The Transiting Exoplanet Survey Satellite (TESS)
All-sky Exoplanet Survey
The Transiting Exoplanet Survey Satellite (TESS) was designed as the first all-sky survey focusing on the closest and brightest 500,000 stars to Earth to look for exoplanets via the transit-method. The Earth orbiting satellite launched on March 20th 2018 aboard a SpaceX Falcon 9 rocket. The TESS mission is planned to last 2 years, surveying the northern celestial sphere in the first year and the southern sphere in its second year.
The TESS Satellite Fast Summary Facts
- Type: Space Telescope
- Destination: Elliptical Earth orbit
- Status: Active
- Launch Location: Cape Canaveral, Florida
- Launch Date: March 20th 2018
- Mission Duration: Planned 2 years
Quick Fun Facts About The TESS Satellite!
The NASA/MIT TESS mission was designed to be the first all-sky transiting exoplanet survey, covering an area 400 times larger than the famous exoplanet hunting Kepler mission.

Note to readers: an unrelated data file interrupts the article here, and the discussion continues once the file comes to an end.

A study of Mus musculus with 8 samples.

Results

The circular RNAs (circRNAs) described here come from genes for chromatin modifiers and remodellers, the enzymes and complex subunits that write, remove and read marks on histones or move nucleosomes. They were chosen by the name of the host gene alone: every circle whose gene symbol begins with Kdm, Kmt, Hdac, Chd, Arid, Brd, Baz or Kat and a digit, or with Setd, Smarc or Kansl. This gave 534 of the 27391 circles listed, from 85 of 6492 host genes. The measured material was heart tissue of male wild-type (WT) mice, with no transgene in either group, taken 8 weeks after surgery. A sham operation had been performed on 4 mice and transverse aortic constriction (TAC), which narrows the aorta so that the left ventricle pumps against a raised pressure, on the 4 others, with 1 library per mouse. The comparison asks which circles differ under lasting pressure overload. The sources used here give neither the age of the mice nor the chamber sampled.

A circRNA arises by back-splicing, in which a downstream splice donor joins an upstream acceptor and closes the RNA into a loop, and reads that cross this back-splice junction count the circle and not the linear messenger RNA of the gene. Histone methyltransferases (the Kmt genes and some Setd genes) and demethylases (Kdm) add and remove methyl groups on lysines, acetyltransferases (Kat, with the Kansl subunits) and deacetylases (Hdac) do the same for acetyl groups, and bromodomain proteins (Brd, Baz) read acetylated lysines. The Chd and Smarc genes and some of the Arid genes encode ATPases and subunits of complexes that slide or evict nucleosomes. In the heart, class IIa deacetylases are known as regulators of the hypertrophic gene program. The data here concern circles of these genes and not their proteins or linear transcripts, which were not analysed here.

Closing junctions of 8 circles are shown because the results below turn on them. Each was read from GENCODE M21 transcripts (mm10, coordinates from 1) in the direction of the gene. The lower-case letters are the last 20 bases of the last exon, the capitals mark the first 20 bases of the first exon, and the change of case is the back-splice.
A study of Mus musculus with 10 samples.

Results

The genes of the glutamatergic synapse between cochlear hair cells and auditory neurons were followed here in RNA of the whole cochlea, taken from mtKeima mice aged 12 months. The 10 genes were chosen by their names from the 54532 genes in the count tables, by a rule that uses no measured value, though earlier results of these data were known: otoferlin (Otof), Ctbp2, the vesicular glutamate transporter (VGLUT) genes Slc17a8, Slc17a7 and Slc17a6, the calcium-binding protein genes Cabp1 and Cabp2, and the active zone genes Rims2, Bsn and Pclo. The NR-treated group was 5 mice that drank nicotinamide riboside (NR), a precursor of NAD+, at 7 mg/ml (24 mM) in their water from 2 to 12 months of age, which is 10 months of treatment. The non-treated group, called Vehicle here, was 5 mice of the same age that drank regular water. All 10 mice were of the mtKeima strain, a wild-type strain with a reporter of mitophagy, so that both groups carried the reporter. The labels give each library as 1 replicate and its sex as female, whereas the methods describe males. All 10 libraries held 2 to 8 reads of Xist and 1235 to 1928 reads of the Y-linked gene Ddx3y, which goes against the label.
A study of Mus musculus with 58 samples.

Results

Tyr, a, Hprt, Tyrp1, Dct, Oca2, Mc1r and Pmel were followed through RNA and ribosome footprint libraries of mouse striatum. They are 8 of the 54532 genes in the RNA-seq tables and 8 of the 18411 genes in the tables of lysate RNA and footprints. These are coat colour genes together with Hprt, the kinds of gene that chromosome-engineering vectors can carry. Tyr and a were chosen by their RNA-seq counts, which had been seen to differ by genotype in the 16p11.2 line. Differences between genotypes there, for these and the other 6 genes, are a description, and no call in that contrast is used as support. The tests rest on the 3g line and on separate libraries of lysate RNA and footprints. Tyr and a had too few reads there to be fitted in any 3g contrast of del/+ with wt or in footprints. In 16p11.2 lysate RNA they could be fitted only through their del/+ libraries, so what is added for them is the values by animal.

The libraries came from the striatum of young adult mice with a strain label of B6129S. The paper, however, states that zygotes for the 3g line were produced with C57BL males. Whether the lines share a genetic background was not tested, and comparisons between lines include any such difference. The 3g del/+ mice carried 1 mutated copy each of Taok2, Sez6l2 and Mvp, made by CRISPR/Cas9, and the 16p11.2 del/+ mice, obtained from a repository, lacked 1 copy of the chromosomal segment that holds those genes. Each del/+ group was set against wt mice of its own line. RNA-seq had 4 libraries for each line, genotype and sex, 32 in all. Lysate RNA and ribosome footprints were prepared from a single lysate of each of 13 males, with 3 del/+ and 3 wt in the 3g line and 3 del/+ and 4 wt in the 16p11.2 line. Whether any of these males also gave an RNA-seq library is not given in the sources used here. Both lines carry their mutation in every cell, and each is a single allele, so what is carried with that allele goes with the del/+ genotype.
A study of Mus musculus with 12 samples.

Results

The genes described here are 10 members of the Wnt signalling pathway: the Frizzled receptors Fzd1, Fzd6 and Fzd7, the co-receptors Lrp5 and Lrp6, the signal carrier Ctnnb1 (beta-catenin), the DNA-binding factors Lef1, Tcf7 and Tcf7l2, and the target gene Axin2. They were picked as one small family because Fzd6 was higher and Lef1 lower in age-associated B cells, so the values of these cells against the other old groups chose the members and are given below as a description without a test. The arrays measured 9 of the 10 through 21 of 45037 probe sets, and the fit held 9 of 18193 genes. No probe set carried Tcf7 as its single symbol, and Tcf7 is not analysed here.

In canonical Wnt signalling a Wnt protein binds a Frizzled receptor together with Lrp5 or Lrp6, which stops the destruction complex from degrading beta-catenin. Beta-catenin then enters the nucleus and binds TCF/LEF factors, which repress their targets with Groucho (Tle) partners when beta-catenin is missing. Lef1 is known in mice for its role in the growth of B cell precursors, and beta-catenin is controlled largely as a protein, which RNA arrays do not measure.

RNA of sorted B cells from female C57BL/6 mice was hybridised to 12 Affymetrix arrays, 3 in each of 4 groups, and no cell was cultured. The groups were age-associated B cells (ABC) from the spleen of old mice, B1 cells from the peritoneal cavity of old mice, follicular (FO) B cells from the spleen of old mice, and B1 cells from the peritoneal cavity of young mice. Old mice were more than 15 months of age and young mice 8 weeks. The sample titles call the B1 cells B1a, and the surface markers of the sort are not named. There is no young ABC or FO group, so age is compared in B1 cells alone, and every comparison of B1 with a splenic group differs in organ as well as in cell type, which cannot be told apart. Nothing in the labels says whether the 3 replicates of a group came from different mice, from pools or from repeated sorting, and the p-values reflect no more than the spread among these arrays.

TESS will attempt to locate exoplanets by recording tiny periodic dips in the brightness of the star caused by the planets transit. From the characteristics of the dip, and information known about the star, the planets orbit, size and temperature can be calculated.
TESS will focus on about 500,000 of the closest, and brightest, main sequence stars to Earth to identify future targets for follow up analysis by missions like the James Webb Space Telescope (JWST). Particular focus is placed on detecting Earth-sized planets in our neighbourhood, with TESS expected to discover more than 3,000 exoplanet candidates!
- The missions search area will map the northern hemisphere of the celestial sphere (sky) in its first year of operation and the southern hemisphere in its second year.
- The exoplanet hunting satellite is equipped with four wide-angle telescopes and the associated 16.8 megapixel cameras.
- The TESS spacecraft was launched aboard a SpaceX Falcon 9 rocket and weighed 350 kilograms (772 lbs) when launched.
- TESS’s Earth-centred orbit has never been used before, orbiting with a 2:1 lunar resonance (within the orbit of the Moon). It is highly elliptical with a period of 13.7 days and will remain stable for decades.
- The spacecrafts two small solar panels will generate 400 watts of electricity to run the satellite.
- The cost of building TESS was only USD $75 million with a further USD $87 million for launch services.